Here are some of the key points of Helsinki’s budget plan for 2022.

 

Mayor of Helsinki Juhana Vartiainen (the NCP) presenting the budget for next year at the Helsinki City Hall on November 4, 2021. Photograph: Tony Öhberg/Finland Today

Helsinki’s new budget proposal for 2022, pulled together by the nine parties in the Helsinki City Council, contains measures that aim to secure the city’s sustainable growth. The new proposal was presented at the Helsinki City Hall last week.

According to the profit and loss statement, the total of the city’s external operating expenses will increase by 5.7% in 2022, compared to the 2021 budget. The municipal tax will remain at 18%.

The council is also aware that Finland’s gross domestic product is expected to increase by 3.5% this year, and the economy is predicted to continue its recovery next year.

The council has earmarked a total one-time appropriation of €70 million for coronavirus recovery in 2022 and 2023.

The coronavirus package is divided into divisions as follows: €45 million to the social services and health care division, €17 million to the education division and €8 million to the culture and leisure division. The funds of the recovery package will be used to cover rebuilding costs resulting from the pandemic.

 

Paavo Arhimäki (the Left Alliance), the deputy mayor of culture and leisure, observing his colleague from another party Daniel Sazonov (the NCP), who is the deputy mayor for social services and health care, to speak in the budget info through a remote connection due to another meeting abroad. Photograph: Tony Öhberg/Finland Today

A growing city, according to the proposal, requires investments. “As such, Helsinki will be continuing its strong investments in traffic infrastructure, housing production and the service network,” the city noted.

In the coming year, Helsinki’s investments will total almost €1.1 billion, including municipal enterprises. According to the statement: “This record-high investment level will enable the continued growth of the city’s population and economy in the 2020s.”

The investments will fund numerous essential projects to local residents, including housing production, building and repairing schools, and investments in streets, traffic lanes and parks.

Large traffic investments include Jokeri Light Rail line, the Crown Bridges Light Rail (Kruunusillat) and the Kalasatama–Pasila tramway. The renovation project of Finlandia Hall is also a costly expense.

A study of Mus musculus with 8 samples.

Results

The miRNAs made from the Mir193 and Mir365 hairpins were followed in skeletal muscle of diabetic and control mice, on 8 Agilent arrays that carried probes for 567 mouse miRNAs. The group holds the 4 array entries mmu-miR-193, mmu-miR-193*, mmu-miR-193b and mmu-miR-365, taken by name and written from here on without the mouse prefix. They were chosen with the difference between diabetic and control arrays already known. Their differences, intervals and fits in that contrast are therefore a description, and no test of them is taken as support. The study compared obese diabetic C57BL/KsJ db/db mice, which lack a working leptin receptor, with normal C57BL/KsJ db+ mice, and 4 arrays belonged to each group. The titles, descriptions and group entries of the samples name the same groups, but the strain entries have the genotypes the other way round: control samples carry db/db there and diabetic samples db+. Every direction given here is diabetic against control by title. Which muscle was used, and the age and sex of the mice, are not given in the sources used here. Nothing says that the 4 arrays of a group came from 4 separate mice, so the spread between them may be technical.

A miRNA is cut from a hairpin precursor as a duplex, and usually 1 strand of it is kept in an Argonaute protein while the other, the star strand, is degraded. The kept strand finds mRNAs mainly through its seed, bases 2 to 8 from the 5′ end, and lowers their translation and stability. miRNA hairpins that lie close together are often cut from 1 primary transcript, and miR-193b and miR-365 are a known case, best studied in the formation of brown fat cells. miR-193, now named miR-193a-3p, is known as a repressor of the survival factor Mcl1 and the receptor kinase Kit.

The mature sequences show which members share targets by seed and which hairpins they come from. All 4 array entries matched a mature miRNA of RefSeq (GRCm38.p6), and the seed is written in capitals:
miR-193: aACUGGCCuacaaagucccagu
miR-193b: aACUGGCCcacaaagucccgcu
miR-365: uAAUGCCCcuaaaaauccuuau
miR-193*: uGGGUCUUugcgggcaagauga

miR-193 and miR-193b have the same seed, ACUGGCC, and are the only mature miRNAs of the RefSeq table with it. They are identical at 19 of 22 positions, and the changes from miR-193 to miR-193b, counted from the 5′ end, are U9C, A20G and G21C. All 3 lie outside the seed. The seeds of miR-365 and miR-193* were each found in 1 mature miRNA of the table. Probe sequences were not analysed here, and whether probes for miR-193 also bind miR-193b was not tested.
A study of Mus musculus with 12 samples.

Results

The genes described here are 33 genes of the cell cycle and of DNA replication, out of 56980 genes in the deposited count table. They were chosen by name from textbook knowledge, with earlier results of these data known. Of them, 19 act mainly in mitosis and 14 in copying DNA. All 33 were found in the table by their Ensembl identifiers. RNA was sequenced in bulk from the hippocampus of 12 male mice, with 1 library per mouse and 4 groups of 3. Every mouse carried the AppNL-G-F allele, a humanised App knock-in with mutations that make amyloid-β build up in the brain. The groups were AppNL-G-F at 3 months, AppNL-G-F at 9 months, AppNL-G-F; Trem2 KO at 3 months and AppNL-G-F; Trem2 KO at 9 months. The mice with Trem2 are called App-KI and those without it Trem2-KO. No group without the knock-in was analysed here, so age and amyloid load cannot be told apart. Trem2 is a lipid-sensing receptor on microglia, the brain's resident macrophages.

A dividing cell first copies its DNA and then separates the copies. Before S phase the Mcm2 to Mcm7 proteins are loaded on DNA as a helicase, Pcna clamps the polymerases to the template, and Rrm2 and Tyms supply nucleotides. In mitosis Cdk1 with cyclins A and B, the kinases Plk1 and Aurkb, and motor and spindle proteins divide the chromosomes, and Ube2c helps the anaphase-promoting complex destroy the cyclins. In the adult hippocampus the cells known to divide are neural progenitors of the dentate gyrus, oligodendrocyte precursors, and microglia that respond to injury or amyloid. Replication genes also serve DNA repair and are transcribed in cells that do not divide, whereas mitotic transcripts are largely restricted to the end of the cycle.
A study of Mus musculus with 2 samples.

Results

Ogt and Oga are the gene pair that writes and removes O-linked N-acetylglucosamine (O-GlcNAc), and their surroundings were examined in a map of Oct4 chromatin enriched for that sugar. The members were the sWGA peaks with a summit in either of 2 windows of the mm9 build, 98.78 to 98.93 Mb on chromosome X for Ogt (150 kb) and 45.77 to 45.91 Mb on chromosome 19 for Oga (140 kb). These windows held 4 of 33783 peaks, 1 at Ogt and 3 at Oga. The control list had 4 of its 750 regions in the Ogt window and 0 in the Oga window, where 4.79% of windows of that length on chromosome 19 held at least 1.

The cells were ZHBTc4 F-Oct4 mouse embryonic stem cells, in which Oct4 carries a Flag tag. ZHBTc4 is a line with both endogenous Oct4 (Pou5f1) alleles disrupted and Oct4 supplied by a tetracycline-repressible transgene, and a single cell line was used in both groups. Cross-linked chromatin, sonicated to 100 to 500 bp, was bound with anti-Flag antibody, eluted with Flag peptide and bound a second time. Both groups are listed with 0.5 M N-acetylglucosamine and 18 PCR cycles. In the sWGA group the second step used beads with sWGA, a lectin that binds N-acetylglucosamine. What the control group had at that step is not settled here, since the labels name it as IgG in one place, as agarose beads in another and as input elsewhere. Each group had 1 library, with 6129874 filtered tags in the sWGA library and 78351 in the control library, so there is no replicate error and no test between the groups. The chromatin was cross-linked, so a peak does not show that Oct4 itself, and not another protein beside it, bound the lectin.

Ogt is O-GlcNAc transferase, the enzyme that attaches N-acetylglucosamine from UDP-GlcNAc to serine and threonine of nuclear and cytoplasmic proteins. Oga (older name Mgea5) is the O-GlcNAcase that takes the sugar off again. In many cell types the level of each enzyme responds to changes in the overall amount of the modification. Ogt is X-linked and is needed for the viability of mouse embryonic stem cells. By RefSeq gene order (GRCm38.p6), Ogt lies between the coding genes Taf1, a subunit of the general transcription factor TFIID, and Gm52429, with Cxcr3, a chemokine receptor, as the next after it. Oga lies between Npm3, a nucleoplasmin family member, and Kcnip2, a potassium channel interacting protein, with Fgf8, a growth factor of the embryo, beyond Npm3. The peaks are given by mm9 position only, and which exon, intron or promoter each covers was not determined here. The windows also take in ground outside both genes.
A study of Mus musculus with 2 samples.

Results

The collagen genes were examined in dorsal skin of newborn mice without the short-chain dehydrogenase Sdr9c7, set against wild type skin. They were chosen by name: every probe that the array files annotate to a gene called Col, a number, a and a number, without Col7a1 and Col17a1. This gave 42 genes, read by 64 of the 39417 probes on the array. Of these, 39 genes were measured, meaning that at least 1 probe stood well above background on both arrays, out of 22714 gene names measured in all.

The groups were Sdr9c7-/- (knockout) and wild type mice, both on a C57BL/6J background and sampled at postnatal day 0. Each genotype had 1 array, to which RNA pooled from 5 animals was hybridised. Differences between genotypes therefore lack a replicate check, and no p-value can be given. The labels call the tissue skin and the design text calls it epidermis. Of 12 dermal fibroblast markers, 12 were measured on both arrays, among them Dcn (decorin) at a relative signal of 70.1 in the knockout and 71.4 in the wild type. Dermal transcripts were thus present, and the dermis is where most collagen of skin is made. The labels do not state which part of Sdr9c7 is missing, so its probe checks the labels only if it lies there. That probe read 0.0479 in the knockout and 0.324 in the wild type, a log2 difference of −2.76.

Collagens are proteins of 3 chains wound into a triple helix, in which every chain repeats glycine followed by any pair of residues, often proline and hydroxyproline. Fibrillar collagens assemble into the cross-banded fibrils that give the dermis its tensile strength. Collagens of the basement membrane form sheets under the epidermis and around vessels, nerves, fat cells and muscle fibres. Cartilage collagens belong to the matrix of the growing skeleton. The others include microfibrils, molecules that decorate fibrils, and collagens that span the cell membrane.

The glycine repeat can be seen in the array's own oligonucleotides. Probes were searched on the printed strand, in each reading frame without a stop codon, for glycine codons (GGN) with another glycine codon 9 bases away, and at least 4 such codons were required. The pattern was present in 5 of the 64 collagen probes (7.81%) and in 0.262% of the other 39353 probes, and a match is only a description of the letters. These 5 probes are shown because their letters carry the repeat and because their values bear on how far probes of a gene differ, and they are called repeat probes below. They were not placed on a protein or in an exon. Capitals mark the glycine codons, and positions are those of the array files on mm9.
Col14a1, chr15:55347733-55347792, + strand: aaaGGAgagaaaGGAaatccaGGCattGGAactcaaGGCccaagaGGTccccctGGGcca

The city is also preparing to meet the costs of building the so-called Tunnel of Sörnäinen (Sörnäisten tunneli), a 1.6-kilometer underground tunnel for passenger cars that would connect Sörnäisten rantatie to Hermannin rantatie. The idea is to make the passenger car traffic smoother and bring more space for pedestrians and cyclists. The costs for building the tunnel are estimated to be around €180 million.

More money (the exact sum is unknown at this writing) is also allocated to prevent segregation by investing in the areas of Malminkartano-Kannelmäki, Malmi and Mellunkylä.

At the budget info, Mayor Vartiainen promised to raise salaries in fields that are facing challenges in recruiting people. In which occupations? Details will be revealed later. Photograph: Tony Öhberg/Finland Today

In addition to Mayor of Helsinki Juhana Vartiainen (the National Coalition Party), four deputy mayors were present at the budget info:

  • Daniel Sazonov (the National Coalition Party), the deputy mayor for social services and health care. NCP has 23 seats in the Council.
  • Anni Sinnemäki (the Green League), the deputy mayor for urban environment. The party has 18 seats in the Council.
  • Nasima Razmyar (the SDP), the deputy mayor for education. SDP has 13 seats in the Council.
  • Paavo Arhimäki (the Left Alliance), the deputy mayor of culture and leisure. The party has 11 seats in the Council.
  • Not present was a member of the Finns Party, the fifth-largest party in the Council (9 seats).The representative was absent because of their separate views on how the billions should be shared. (According to Mari Rantanen, the leader of the Finns Party’s council group, other parties want to grow the city almost as they were in heat. “Our services in early childhood education and others are stalling, and our policy on the growth of the city and running into debt differ from the others,” Rantanen said in an inteview with the daily newspaper Helsingin Sanomat.)
  • Present was also Helsinki City Council member Marcus Rantala (the Swedish People’s Party). The SPP has 5 seats in the City Council.